Communicating with your child who stammers can be made easier with the right tools. We've pulled together the best advice to help build your child's confidence with their speech.

The following top tips are useful for adults to use when speaking to children who stammer:

  • Listen to what your child is saying rather than how they say it
  • Do not draw attention to your child’s stammer
  • Avoid talking about their speech in front of them
  • Give your child plenty of time to speak, though avoid telling them to take their time or slow down as this can draw attention to their stammer
  • Try to avoid asking your child lots of questions, instead comment on what they are doing e.g. instead of saying “what is that?” you could say “oh you have the helicopter!”
  • Keep giving your child eye contact on the occasions when they stammer, even if they look away
  • Do not interrupt your child when they are stammering or attempt to finish their sentence. It is more useful to give them your full attention and wait until they finish what they want to say
  • Use a calm and slower speech rate when speaking to your child. Research shows that this gives children who stammer time to put their sentences together

Younger children (2-7 years)

  • It can help to set aside time to do a short activity that your child is interested in, where they have your full attention away from distractions. During this, you can use the strategies noted above.
  • Use the words that your child uses to describe their stammer, so if they say they get ‘stuck’ use this term 
  • If your child comments on their stammer you can talk about it in a supportive way by letting them know that everyone gets stuck on their talking sometimes or saying “that was a tricky word”
  • Let your child know that it is okay to get stuck or make mistakes in their talking
  • Try to reduce the demands on your child 

Older children 

  • Be open about your child’s stammering. This shows them that you are accepting, whether they stammer or not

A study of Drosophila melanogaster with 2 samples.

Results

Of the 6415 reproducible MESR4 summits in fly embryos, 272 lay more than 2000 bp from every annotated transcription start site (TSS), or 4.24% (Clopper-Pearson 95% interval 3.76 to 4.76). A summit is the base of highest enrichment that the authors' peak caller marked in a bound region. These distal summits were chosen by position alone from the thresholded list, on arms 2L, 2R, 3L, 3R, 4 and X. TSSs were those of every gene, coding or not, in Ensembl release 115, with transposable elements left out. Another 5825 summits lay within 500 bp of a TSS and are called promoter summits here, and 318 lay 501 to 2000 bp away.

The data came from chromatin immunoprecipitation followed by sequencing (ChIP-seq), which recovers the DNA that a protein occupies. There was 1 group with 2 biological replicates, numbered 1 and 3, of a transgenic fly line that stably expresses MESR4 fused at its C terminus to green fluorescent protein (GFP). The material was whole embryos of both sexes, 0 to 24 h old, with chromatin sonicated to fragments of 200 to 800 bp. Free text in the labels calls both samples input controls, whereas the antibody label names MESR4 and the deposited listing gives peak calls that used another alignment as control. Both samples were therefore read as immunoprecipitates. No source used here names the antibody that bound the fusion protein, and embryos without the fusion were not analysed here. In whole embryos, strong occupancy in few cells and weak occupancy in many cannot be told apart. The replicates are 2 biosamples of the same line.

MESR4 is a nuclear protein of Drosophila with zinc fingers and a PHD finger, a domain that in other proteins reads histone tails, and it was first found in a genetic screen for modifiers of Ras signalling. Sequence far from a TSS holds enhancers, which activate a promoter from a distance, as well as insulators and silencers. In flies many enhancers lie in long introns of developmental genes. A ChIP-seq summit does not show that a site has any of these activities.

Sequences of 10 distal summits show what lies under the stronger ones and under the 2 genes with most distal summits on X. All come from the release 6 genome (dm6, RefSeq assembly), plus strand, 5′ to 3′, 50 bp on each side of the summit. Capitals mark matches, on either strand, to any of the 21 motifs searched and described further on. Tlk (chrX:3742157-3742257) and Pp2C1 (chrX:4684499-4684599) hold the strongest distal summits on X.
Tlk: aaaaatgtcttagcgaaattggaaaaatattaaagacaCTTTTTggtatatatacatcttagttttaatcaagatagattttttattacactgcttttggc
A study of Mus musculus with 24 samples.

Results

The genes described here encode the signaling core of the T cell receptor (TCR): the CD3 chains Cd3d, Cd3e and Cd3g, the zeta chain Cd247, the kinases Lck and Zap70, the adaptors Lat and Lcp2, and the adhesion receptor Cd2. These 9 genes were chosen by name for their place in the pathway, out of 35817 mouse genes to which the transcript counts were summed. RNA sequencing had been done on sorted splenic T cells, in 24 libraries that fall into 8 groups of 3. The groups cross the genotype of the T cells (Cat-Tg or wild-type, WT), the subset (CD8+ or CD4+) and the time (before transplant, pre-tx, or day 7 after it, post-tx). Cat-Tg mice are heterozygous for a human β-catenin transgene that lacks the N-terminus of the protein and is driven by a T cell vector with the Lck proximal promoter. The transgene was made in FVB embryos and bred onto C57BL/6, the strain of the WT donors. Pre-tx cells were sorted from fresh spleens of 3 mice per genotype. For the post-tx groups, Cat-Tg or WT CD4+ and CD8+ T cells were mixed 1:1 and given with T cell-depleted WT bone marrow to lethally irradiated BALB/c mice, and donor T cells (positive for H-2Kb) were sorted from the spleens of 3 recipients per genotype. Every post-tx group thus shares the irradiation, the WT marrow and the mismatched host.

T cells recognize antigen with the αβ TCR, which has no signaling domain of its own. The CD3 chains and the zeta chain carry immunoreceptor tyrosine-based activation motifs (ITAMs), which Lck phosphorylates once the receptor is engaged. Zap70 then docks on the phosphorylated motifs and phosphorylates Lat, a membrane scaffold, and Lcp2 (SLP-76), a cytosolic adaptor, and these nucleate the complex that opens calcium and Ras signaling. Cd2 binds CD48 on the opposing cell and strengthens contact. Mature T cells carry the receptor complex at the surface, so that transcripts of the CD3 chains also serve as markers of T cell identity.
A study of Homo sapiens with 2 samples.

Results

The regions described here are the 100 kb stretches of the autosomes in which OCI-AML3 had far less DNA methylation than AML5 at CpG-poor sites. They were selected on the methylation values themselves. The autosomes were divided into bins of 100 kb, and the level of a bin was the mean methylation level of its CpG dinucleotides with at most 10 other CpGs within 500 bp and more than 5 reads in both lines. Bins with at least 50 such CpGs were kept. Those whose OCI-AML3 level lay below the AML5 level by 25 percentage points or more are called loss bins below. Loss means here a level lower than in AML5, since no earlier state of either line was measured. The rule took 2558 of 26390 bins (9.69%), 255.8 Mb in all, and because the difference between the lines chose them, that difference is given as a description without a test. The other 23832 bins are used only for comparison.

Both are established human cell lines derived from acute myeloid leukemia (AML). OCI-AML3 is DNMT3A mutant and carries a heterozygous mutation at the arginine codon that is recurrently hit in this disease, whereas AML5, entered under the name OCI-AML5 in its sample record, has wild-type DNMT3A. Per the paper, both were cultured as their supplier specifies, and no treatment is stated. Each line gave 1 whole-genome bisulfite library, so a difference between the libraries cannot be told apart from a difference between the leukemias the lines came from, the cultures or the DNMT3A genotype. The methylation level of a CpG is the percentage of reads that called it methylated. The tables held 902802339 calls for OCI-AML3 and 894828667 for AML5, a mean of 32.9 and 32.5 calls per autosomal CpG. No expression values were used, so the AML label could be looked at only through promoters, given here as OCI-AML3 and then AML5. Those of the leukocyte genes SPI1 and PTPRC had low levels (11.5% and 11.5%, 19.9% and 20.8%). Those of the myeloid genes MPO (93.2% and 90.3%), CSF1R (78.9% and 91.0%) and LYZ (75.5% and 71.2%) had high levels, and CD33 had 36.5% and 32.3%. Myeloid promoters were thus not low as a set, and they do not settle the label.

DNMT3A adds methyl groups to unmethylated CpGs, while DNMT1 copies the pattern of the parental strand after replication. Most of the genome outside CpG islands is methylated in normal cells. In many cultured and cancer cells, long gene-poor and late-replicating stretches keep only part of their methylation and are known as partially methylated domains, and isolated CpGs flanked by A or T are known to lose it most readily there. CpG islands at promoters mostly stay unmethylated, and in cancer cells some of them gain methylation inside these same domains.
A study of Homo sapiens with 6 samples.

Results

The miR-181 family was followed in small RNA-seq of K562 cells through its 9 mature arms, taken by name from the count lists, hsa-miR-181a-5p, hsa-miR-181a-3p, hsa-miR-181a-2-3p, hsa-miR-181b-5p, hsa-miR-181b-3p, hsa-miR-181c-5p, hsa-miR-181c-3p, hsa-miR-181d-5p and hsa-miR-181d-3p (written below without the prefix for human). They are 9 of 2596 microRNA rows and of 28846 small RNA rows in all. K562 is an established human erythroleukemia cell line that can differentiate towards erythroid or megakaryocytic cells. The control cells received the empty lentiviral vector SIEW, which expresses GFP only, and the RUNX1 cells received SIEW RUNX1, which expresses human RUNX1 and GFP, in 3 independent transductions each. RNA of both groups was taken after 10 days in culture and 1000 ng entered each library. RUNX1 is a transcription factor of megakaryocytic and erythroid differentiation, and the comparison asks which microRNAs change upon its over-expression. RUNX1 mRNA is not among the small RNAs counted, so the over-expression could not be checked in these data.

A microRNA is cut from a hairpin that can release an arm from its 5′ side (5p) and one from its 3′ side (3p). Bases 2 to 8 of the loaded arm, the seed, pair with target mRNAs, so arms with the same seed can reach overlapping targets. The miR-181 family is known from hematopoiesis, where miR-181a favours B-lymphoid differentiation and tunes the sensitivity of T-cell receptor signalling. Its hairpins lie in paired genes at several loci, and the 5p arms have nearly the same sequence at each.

• If you are open about stammering it also allows you to talk to your child about what it means to them and what they think helps
  • Talk to your child about how they feel about their stammer
  • Use positive language when talking about their stammer, so instead of referring to them having a ‘good’ or a ‘bad’ stammer or the stammer being ‘better’ or ‘worse’, use terms like stammering more or stammering less
  • Use positive language to highlight other aspects of your child’s communication, e.g. “you are talking more confidently” or “you are listening well”
  • Be aware of the demands placed on your child and how this affects their speech
  • Encouraging open communication is helpful because it reduces the stigma and it creates an open attitude. Also, if your child is comfortable with their stammer, it could reduce negative reactions from the child and those around them
  • Factors that influence older children may be stages of growth, hormones and more complex social situations arising as they get older 

If you are looking for further information or advice please see the links in the Resources section of our website. Children who stammer can grow out of it, but going through it can be isolating and frustrating for your child. The above advice and supplied resources can help them feel understood, and help those around them to understand them better too! You can also contact your local Speech and Language Therapy Helpline.